October 20, 2022

By Colin Mann

The Defence Committee of the UK’s House of Commons has suggested that the planned merger between OneWeb and Eutelsat must be subject to the “most stringent” scrutiny.

The Committee’s report, Defence Space: through adversity to the stars?, which contains recommendations to government, looks into the role of space within defence, and notes the complexities and risks arising from reliance on commercial and international partners for delivery of space services, in particular events surrounding the OneWeb satellite network.

The Committee noted that in March 2022, shortly after Russia’s full-scale invasion of Ukraine, Russia impounded 36 OneWeb satellites that had been scheduled to be launched from its Baikonur cosmodrome in Kazakhstan, after demanding assurances that they would not be used for military purposes and, later, that the UK sell its share in the company. “The CEO of OneWeb has since described the impounded satellites as being ‘essentially lost’ and the episode is reported to have cost the taxpayer-backed company £199 million,” it adds.

The UK’s Department for Business, Energy and Industrial Strategy (DBEIS) described the planned merger as “positive news for UK taxpayers” and said that the UK Government would maintain its stake in the company and would retain national security controls over the network. “Press reports have since suggested that the Government may come under pressure to ‘reinterpret’ this ‘golden share’ in the company so that it can bid for a lucrative EU satellite broadband programme,” it advises.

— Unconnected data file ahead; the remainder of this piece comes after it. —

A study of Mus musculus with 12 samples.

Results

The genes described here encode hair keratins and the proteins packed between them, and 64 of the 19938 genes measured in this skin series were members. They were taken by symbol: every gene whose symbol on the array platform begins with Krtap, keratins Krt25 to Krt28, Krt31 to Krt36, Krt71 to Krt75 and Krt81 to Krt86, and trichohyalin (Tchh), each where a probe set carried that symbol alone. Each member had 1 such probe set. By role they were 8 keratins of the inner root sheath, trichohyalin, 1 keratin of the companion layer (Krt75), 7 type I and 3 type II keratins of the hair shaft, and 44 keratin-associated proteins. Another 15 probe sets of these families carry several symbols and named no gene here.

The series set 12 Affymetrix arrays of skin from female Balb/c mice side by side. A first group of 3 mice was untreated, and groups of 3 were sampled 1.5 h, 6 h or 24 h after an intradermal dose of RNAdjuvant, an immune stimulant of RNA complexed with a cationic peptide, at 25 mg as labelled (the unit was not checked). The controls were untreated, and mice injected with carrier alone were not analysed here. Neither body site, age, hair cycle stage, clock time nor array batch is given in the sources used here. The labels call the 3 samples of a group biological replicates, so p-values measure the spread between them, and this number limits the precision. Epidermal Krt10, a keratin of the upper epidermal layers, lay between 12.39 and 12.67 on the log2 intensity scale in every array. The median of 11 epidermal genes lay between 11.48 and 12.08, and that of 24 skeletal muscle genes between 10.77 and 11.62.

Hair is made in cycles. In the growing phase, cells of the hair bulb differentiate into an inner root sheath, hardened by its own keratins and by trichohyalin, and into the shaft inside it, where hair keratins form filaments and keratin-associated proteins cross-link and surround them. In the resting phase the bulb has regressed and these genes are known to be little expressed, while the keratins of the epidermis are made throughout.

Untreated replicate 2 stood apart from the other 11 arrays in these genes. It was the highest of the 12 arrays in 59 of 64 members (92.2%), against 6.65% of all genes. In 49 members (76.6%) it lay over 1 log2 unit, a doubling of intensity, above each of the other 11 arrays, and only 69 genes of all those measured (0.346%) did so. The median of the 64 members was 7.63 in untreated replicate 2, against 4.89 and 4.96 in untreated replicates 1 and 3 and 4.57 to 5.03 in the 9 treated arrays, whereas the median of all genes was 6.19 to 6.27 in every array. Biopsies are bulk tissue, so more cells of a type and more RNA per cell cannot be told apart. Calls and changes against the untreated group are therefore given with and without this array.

“Following the announcement of the proposed merger, the Chair of the Business, Energy and Industrial Strategy Select Committee wrote to DBEIS seeking assurances about scrutiny of the deal under the provisions of the National Security and Investment Act and raising concerns about the China Investment Corporation’s holding in Eutelsat, as well as its broadcasting of Russian television channels during the Ukraine conflict,” notes the Defence Committee.

“The Ministry of Defence [MoD] will have to carefully balance competing priorities in determining which defence space capabilities must be ‘owned’ by Government and which can be provided by collaboration with Allies or through a commercial contract,” says the Committee. “Russia’s recent impounding of OneWeb satellites at the Baikonur cosmodrome demonstrates the potential dangers of making the wrong call, and the subsequently announced proposed merger of the OneWeb with Eutelsat has raised further questions concerning sovereignty and national security,” it suggests.

“The planned merger between OneWeb and Eutelsat must be subject to the most stringent scrutiny under the National Security and Investment Act,” it declares. “More broadly, it is critical that decisions affecting the sovereignty of the UK’s defence space capabilities are made transparently. The MoD should confirm in its response to this report how it plans to make details of these decisions available for scrutiny by Parliament,” it concludes.